Wednesday, December 11, 2019
Wood River Sustainability Center Moves on Up
 
Saturday, November 23, 2019
 

STORY AND PHOTOS BY KAREN BOSSICK

It broke new ground, offering a permanent place in Hailey for local farmers to sell products to local consumers when it opened eight years ago.

Now, the former Wood River Sustainability Center is carrying on that tradition in a more visible location—smack dab in the center of Hailey’s Main Street.

The Wood River Sustainability Center reopened this week as Al’s Sustainable Mercantile. It occupies a  space that used to house Freshie’s and El Toro restaurants in between The Mint and Shorty’s.

 
 

“It’s nice to see them on Main Street where even visitors driving through will see them. And it’s nice to see them continue to offer retail space for local farm products and serve as a gathering place for farm-to-table dinners,” said Amy Mattias, co-director of The Local Food Alliance.

It wasn’t Al McCord’s choice to relocate. He loved being in the white, green-trimmed building built in 1936 to service the Forest Service’s trucks, which would roll in and out on its dirt floors.

There was something special about being able to roll back the garage doors for a Harvest Festival or some other community gathering.

But FAPO, the owners of The Village at Hailey Center commercial complex, went before Hailey Planning and Zoning in October to ask permission to demolish the building to make way for parking. And McCord set about finding suitable space--at 122 S. Main St.

 
 

“We knew going into it six years ago that being asked to relocate was a possibility,” said McCord, a former food and beverage director for The Valley Club who took over the Sustainability Center from Picabo farmers Dick and Melinda Springs. “I loved that space because of its history. But we’re being proactive.”

On Wednesday, McCord and Alyssa Daven served up free lamb burgers, samples of butternut squash soup and shortbread and cowboy cookies boasting chocolate chips, coconut, oats and pecans to those who stopped in for the grand opening.

McCord explained to one customer that the big red tomatoes next to the greens, cauliflower and peppers in the refrigerator case were from Hagerman. Librarians LeAnn Gelskey and Kristin Fletcher checked out the grab-and-go lamb lasagna, which comes with Caesar salad and bread.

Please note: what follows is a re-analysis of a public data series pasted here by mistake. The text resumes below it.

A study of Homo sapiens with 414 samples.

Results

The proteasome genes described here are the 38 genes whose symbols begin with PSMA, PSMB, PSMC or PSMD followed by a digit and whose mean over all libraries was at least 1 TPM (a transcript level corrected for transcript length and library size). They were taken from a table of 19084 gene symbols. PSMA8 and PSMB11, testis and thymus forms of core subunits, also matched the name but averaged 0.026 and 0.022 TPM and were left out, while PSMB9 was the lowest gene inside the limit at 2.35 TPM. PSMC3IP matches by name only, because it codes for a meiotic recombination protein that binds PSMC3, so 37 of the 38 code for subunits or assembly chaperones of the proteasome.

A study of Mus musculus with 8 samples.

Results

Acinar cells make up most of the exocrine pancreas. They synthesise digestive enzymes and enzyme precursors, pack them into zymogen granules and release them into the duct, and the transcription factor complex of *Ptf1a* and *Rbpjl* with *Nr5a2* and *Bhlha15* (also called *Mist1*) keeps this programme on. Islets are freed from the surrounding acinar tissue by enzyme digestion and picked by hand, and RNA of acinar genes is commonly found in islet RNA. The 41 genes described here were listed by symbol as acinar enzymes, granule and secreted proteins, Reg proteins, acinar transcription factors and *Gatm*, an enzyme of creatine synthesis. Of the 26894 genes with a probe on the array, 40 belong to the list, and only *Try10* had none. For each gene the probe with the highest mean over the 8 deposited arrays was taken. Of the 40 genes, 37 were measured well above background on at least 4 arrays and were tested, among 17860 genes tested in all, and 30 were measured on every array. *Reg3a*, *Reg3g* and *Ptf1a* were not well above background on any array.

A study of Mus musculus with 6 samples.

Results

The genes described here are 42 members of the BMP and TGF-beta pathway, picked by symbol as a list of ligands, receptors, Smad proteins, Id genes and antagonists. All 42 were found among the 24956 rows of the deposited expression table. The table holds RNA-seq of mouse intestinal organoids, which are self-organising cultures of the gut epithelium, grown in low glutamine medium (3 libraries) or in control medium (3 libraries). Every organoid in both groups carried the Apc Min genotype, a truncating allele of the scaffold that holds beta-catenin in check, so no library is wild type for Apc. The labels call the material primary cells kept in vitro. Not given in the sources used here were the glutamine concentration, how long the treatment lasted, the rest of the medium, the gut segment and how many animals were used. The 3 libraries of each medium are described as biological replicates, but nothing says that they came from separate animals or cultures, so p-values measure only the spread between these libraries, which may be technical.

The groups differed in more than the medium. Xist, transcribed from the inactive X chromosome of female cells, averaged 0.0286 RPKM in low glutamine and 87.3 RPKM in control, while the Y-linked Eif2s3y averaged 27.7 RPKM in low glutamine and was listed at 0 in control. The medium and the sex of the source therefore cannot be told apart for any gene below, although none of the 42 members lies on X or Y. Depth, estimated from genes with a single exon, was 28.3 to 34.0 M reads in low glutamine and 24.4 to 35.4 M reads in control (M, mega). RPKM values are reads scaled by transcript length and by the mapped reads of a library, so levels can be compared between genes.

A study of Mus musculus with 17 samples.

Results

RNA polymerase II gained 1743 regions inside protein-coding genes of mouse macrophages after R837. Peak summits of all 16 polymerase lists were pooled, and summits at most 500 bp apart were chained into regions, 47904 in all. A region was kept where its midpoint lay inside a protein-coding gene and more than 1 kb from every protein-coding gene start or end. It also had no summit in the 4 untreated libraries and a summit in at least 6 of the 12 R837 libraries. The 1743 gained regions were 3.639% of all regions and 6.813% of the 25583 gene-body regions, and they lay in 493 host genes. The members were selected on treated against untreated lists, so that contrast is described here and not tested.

“I’m excited that it’ll be open regularly now,” said Hilary Sinnamon, as she and her children Julia and Decker helped themselves to the lamb burger samples.

 
 

 “It seems like a fitting space,” added Tenaya Kohr, looking around at long room which features the big luscious food photographs of Pauline Phlipot and the dot art of Marie Stewart’s. “I like the brick wall in here.”

The new center features more house made dressings and other products than ever.

Honey poppyseed and lime cilantro dressings have taken their place in the refrigerated space next to the  garlic and kale pesto and homemade yogurt. There are a variety of grab-and-go quiches, including one made of ham, goat cheese and leeks and another boasting asparagus and goat cheese.

And for the sweet tooth; mini-pies, including the Lemon Lavender Pie that Daven concocted.

 
 

“I was experimenting with using lemon bars in a pie and sprinkled a little lavender on it and it has become so popular,” said Daven.

Daven, who came to the Sun Valley area to teach skiing in a program for at-risk kids, was working in the surgery recovery center at St. Luke’s Wood River when she wandered into the Sustainability Center six years ago.

She left, devouring big chunks of warm sourdough bread she tugged off as she walked away.

“Then I found out that Al and I had the same dream—of having a food truck. So, we’ve been working together for three years,” said Daven, who is currently experimenting with tiramisu and rosemary shortbread. “I love to cook everything, but I really love baking so I make the pies, quiches and the fermented sourdough focaccia.

McCord plans to get his farm-to-table dinners back online as soon as he can. But that’ll have to wait until after Thanksgiving.

Through Monday evening he’s busy taking orders for at variety of Thanksgiving dinner items, including  coconut curry pumpkin and butternut squash soup, a Farro salad made of leeks, shallot butternut squash, craisins and thyme; and deep dish apple and lemon lavender pies.

Al’s Sustainable Mercantile is open from 11 a.m. to 6 p.m. weekdays. Want to know more? Visit wrsustainabilitycenter@gmail.com or call 208-721-3114.